Hello from Aconcagua in Argentina! (map) I must admit it’s been rather interesting to participate in this energy diet while attempting to climb the highest mountain in the Americas solo. It’s been a grueling few days, but I have managed to reach base camp Plaza de Mulas now at 4,260 meters.
The weather up here changes very quickly from scorching hot during the day to hail storms and extreme winds at night. And because I am at this altitude, completing this week’s assignment has been a bit tricky as any attempt to access my electricity bills, or any reliable network for that matter, becomes rather futile.
So, this blog entry just got a lot more interesting. I will take this rare opportunity to simultaneously evaluate both sides of my energy lifestyles.
As the founder of an adventure travel company, a good portion of my year is usually spent in random places around the world, in locations that are remote and similar to my current conditions on the mountain. So it would be interesting to see my professional life in Cairo juxtaposed with my explorer life here on the mountain.
Evaluating the energy consumptions for both will be a challenge, since I’m doing it while in currently on this side, but it will also help me improve consumption for two aspects of my life that are equally important. I will have to rely on memory of course in regards to what happens at home, but hopefully it should be accurate enough to answer the question.
Starting with my consumption at home, I don’t have any figures in front of me, but I guess by default it is pretty low on a grand scale because I am usually at the office, or I am traveling. Having said that, the positives and negatives on my energy diet checklist are probably the following: I live by myself in a cozy two-bedroom apartment, and the times I am at home, I am usually confined to just one room and the rest of the house is switched off. I make a habit to turn off lights after I leave a room.
I usually eat at the office, but maybe the stove will be used two or three times a week on the occasions I eat at home. The water pressure in my bathroom is negligible. Cairo’s weather has been chilling up lately, so unfortunately my heater is something I haven’t been able to live without. I barely watch TV, but I am almost always working on my laptop and plugged in.
Now, thousands of miles away and almost 4,300 meters higher, I can’t help but feel a surge of freedom in being completely “unplugged” from everything. However, with the extreme weather conditions I am expecting in the next few days, maybe having my heater around wouldn’t be the worst thing.
When I first landed in Mendoza, I stayed at a small three-star hotel with minimal facilities in order to rent my missing gear, buy food and gather my permits and paperwork. In line with my energy diet, I opted out of a private car to the starting point and took public transportation instead, which consisted of a five-hour bus ride. Over the next few days, I was able to climb the route with ease, except when the weather turned against me several times, which made it harder and almost impossible to find any reception.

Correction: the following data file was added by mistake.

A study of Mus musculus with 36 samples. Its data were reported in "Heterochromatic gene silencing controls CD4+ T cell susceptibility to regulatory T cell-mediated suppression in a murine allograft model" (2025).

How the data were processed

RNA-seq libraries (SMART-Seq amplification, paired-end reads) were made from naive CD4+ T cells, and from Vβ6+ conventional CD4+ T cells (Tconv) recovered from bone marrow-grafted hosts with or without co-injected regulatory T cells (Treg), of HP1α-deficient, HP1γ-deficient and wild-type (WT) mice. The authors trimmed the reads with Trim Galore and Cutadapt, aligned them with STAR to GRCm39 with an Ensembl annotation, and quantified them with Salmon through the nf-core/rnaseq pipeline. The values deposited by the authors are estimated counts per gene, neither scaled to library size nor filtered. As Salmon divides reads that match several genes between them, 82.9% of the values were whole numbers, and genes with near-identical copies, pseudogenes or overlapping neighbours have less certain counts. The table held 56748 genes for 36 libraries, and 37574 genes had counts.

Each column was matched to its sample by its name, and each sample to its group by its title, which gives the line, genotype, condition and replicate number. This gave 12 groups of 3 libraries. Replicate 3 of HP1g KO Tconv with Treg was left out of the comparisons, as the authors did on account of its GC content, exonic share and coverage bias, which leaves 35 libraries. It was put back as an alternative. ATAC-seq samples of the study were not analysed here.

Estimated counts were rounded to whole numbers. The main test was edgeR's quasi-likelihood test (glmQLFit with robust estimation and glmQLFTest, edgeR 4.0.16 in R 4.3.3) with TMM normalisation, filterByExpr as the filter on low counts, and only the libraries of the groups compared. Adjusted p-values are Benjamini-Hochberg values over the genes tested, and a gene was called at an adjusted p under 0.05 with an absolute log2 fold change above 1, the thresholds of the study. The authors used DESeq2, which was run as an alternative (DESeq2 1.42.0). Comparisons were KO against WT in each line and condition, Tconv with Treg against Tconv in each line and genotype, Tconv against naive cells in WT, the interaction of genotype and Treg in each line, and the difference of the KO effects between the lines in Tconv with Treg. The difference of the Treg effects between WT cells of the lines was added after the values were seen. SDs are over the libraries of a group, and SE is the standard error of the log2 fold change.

For that reason and several others, there is very little usage of energy in such extreme conditions, and it’s usually limited to what is required for survival. In my case it was three canisters of gas to cook my food and a few batteries (pre-charged at home) for my Kindle, iPod, camera and satellite phone.
Because I am climbing solo, my energy consumption is also primarily limited to what I can personally carry up the mountain, which so far happens to be approximately 50 kg (110 lbs.) worth of gear, clothes, and some food.
While we’re on that topic, mountain food can get pretty tricky, as the conditions make it hard for exciting menu options to exist. My personal menu consists of pasta, sausages, dried fruit, nuts, and cheese. Most of these can be eaten raw, and the few that require heat, thankfully, can be cooked on my mini stove within minutes (assuming weather conditions allow).
It is easy to notice, as well as appreciate, the drastic differences between both lifestyles. I am sure that there are a lot of things I can be doing to reduce my energy consumption during the time that I am at home, and it will be interesting to read what other bloggers have written as they analyze their bills.
The next few days as I ascend to Camp 1 and 2 will be pretty tough and with very little access to a connection. Although I may have some of my electronics with me for entertainment and survival, it is welcoming to know that they remain ‘unplugged’ and I can temporarily escape the civilized and powered up world.
At 4,260 meters and still climbing, I am officially on a full energy diet.